Newbie Questions about Asterisk configurations (Australia)

From what I’ve read about Asterisk it can be connected to a Telstra ISDN 10, 20 or 30 connection to enable VOIP to POTS communication, is that correct?

If so, could the following scenario work:

  1. You have a main office that has a Telstra ISDN 10, 20 or 30 connection connected to your Asterisk PBX. All the internal users use VOIP for internal calls and use the ISDN to allow internal calls to communicate with POTS phones on the outside and outside POTS phones to communicate with the internal VOIP phones.

  2. You have a remote branch office (10 - 15 employees) connected through an ADSL VPN to your head office. The question is, could those remote users utilise the services of the Asterisk PBX over their VPN connection to the head office without having a local Asterisk PBX configured at the remote office? In other words, they could call a POTS number and the information would transmitted over the VPN to the Asterisk PBX located at head office and routed through the ISDN connection to the outside POTS number.

Any help with the above would be greatly appreciated.

Cheers, Ian

From what I’ve read about Asterisk it can be connected to a Telstra ISDN 10, 20 or 30 connection to enable VOIP to POTS communication, is that correct?
Well I cant say for sure but that is what I read also for more go here looks like several topics on this … tnG=Search

As far as the senario it should work but bandwidth will be a key issue in call quality and how many simultaneous calls you want between offices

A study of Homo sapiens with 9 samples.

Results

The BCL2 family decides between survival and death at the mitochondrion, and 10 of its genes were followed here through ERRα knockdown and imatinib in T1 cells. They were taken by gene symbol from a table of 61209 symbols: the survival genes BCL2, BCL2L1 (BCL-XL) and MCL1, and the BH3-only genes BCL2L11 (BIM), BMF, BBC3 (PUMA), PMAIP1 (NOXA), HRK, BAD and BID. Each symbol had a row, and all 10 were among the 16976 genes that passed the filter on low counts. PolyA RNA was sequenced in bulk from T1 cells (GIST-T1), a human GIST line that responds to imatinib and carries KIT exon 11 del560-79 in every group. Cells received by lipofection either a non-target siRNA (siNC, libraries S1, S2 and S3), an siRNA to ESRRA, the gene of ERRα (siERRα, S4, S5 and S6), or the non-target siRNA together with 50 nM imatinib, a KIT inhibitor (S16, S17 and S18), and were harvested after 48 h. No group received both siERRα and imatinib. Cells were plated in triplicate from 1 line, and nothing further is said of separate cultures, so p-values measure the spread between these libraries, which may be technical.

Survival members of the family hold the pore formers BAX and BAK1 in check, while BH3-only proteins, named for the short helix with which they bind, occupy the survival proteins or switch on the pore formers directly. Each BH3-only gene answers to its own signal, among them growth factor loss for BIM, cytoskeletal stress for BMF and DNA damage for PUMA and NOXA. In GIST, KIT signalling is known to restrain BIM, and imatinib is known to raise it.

Cheers, Ian


Yes to (1) and a hmm to (2)

  1. Being a pom (5-0 to the Aussies - Ha ha!) I’m not quite sure what a telstra 10/20/30 is, but I’ll take that to mean an ISDN30 connection delivered with 10/20 or 30 channels. This will work fine, we run around 20 phones (snom 190s) internally connecting via the LAN to the Asterisk box and then a 12 channel ISDN30 back to POTS land.

Callers ring our main number or DDI’s and asterisk picks up the calls and devliers to the appropriate snom phone. You need decent quality kit though as the last thing you want in a volume call application is for the server to fail. We spent around 4K STG on our main server - ok so it’s got 2gn RAM, 2x 200GB RAID, 4x XEON 2.8 processors etc, but we take / make some 500 calls per day.

To date our only issue has been when a problem with our exchange server flooded our network with iffy packets and our phone service went down the toilet for around 90 minutes.

  1. In theory yes, in practice I would say you would die a bandwitth death using just ADSL. In the UK its 256k upstream, so you remote office could probably have a maximum of 4-6 effective calls running at the same time. If peoeple call each other a lot at the remote site (‘internally’) but these calls are having to trunk to from the asterisk box, that will suck.

I’d suggest if the budgest there that you have another smaller asterisk box at the remote site, perhaps with POTS connecitvity (4x ISDN2 channels or similar) - then you’re office to office comms goes between the asterisk boxes and PSTN is handed off locally for outbound. Routing calls from the main site to remote site seamlessly is doable, but again watch the bandwidht

I suggest you get some expert to set it up however, especially if phones are mission critical to your business - that’s what we did and I am pretty happy with it.